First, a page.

Vets remain vigilant to aid farmers

Jacinta CantatoreHarvey-Waroona Reporter
The guide is aimed as a field guide for veterinarians to identify and manage biosecurity threats in the region and is one of a range of measures in place to better manage animal biosecurity threats, such as testing of intercepted meat produce at airports.
Camera IconThe guide is aimed as a field guide for veterinarians to identify and manage biosecurity threats in the region and is one of a range of measures in place to better manage animal biosecurity threats, such as testing of intercepted meat produce at airports.

While customs officials have been bolstering Australia’s border to prevent African swine fever entering the country, another threat is being constantly monitored much closer to home.

A Brunswick vet who has lived and worked in countries during foot and mouth disease outbreaks said if the disease made its way to the South West the beef and dairy industries would be crippled.

The warning comes just after the Federal Department of Agriculture and Australia’s Animal Health Laboratory released a new online guide to help identify exotic diseases in Australian livestock.

The guide is aimed as a field guide for veterinarians to identify and manage biosecurity threats in the region and is one of a range of measures in place to better manage animal biosecurity threats, such as testing of intercepted meat produce at airports.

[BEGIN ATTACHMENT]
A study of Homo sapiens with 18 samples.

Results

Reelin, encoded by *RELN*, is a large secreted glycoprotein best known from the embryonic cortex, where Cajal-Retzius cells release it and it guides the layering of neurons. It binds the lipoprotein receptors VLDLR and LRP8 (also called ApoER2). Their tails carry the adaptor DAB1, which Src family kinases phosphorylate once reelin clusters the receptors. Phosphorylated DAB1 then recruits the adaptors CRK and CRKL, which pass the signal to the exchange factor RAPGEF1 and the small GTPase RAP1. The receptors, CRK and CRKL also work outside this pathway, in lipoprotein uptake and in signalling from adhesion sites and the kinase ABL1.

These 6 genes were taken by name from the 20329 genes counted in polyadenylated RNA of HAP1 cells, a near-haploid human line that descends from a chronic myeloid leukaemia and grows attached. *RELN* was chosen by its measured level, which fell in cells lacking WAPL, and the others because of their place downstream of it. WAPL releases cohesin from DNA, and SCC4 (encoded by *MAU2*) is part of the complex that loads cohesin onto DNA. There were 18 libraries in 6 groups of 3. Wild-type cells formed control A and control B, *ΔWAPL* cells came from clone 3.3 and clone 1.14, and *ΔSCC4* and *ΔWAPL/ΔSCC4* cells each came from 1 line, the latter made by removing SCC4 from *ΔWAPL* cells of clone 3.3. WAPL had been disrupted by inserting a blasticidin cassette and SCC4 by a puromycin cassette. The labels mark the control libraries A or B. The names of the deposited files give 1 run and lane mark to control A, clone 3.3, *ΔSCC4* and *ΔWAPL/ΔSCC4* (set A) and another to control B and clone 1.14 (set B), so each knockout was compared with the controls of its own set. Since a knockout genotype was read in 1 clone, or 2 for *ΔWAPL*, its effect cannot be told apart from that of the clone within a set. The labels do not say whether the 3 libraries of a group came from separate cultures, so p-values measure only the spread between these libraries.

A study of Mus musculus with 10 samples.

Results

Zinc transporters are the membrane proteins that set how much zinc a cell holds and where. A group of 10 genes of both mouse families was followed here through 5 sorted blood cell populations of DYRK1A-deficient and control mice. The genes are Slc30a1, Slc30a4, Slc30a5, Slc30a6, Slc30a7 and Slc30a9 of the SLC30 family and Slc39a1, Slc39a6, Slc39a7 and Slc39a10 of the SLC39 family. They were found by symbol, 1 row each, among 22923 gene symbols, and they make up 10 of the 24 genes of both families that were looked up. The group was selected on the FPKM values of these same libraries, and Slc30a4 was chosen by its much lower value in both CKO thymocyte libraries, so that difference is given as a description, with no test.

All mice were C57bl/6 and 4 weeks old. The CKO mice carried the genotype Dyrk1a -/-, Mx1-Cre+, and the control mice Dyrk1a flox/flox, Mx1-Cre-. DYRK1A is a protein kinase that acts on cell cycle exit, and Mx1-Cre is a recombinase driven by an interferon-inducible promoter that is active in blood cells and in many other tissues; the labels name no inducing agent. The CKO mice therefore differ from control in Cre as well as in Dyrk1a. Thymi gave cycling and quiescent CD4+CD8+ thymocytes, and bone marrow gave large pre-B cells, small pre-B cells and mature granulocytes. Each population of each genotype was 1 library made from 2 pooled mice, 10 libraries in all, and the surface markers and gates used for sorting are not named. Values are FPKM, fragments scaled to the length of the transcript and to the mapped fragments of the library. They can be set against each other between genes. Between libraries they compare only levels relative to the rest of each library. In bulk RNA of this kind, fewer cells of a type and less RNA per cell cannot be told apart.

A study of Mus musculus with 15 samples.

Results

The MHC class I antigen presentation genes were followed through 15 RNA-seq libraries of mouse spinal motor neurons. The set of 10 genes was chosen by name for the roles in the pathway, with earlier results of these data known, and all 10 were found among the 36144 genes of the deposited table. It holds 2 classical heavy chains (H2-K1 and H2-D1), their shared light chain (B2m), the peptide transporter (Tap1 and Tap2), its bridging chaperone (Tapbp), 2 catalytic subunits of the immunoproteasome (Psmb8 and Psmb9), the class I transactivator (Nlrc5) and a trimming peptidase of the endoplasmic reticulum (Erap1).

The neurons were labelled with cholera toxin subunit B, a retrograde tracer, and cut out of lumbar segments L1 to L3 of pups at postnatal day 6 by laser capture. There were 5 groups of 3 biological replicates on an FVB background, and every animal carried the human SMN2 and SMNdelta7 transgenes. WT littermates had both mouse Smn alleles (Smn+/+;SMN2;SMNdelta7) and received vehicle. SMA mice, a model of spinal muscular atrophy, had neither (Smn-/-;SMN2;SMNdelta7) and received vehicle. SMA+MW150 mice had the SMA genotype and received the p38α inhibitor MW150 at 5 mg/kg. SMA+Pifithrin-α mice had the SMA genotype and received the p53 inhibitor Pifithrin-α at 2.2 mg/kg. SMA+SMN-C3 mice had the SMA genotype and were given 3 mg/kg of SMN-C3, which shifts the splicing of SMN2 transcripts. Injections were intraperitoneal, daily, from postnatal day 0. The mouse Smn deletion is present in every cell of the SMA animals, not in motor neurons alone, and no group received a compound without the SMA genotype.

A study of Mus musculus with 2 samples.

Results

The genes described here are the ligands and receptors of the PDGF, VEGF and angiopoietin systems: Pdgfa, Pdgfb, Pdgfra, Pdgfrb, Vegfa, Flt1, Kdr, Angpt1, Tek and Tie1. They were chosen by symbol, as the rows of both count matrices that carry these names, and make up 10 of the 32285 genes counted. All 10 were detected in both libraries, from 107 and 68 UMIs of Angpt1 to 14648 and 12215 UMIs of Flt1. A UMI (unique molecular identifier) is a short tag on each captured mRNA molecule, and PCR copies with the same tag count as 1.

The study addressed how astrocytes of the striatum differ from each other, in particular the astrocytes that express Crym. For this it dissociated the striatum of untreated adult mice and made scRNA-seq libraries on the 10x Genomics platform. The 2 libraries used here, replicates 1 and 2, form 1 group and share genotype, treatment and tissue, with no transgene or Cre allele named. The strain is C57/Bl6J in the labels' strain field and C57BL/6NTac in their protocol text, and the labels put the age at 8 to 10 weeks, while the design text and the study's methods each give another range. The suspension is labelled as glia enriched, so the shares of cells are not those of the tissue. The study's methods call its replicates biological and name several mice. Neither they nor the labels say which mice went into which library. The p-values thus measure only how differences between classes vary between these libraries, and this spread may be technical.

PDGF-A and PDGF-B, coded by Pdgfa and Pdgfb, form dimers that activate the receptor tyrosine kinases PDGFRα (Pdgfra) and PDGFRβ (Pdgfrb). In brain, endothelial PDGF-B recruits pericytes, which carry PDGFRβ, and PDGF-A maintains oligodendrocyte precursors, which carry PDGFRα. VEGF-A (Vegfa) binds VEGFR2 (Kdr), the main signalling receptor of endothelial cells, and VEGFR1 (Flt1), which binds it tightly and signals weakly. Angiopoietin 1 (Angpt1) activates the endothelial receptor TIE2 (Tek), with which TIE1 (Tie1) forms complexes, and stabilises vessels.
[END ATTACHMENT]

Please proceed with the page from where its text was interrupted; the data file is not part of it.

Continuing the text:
Francis Waichigo from Brunswick Veterinary Service said vets were constantly on the lookout for signs of exotic diseases.

“If we find something unusual there is a strict government protocol we need to follow,” he said.

He was worried by how close African swine fever had come to Australia.

Dr Waichigo said although swine fever was not much of a threat in the Harvey shire area, foot and mouth disease was a very real threat for the region.

“It’s as real, if not more, than African swine fever,” Dr Waichigo said.

Born in Kenya and then spending part of his professional career in Saudi Arabia, Mr Waichigo has seen first-hand how hard it is to stop the spread of the disease.

He said if FMD were to reach the South West, it would devastate the beef and dairy industries.

“There would be a total shutdown,” he said. “It would be devastating for the entire industry.

He said animals could carry FMD the disease for up to 18 months, putting herds at risk.

“In a situation like Australia we would have to destroy all the animals in the region to make sure the disease didn’t spread.”

Federal Agriculture Minister Bridget McKenzie said the guide would help identify some of the most dangerous diseases.

“ASF and Foot and Mouth Disease could wipe out industries, jobs, impact on trade and the availability of the Australian produce we all enjoy,” Minister McKenzie said.

“We need to be as prepared as possible because the threat is real,” she said.

Forrest MHR Nola Marino said the guide would help prepare and inform local vets about exotic diseases affecting livestock.

“Our vets are a critical part of our strong biosecurity system,” Mrs Marino said.

“This guide is about protecting the health of our local livestock, the livelihoods of our community, and the Australian agricultural sector as a whole.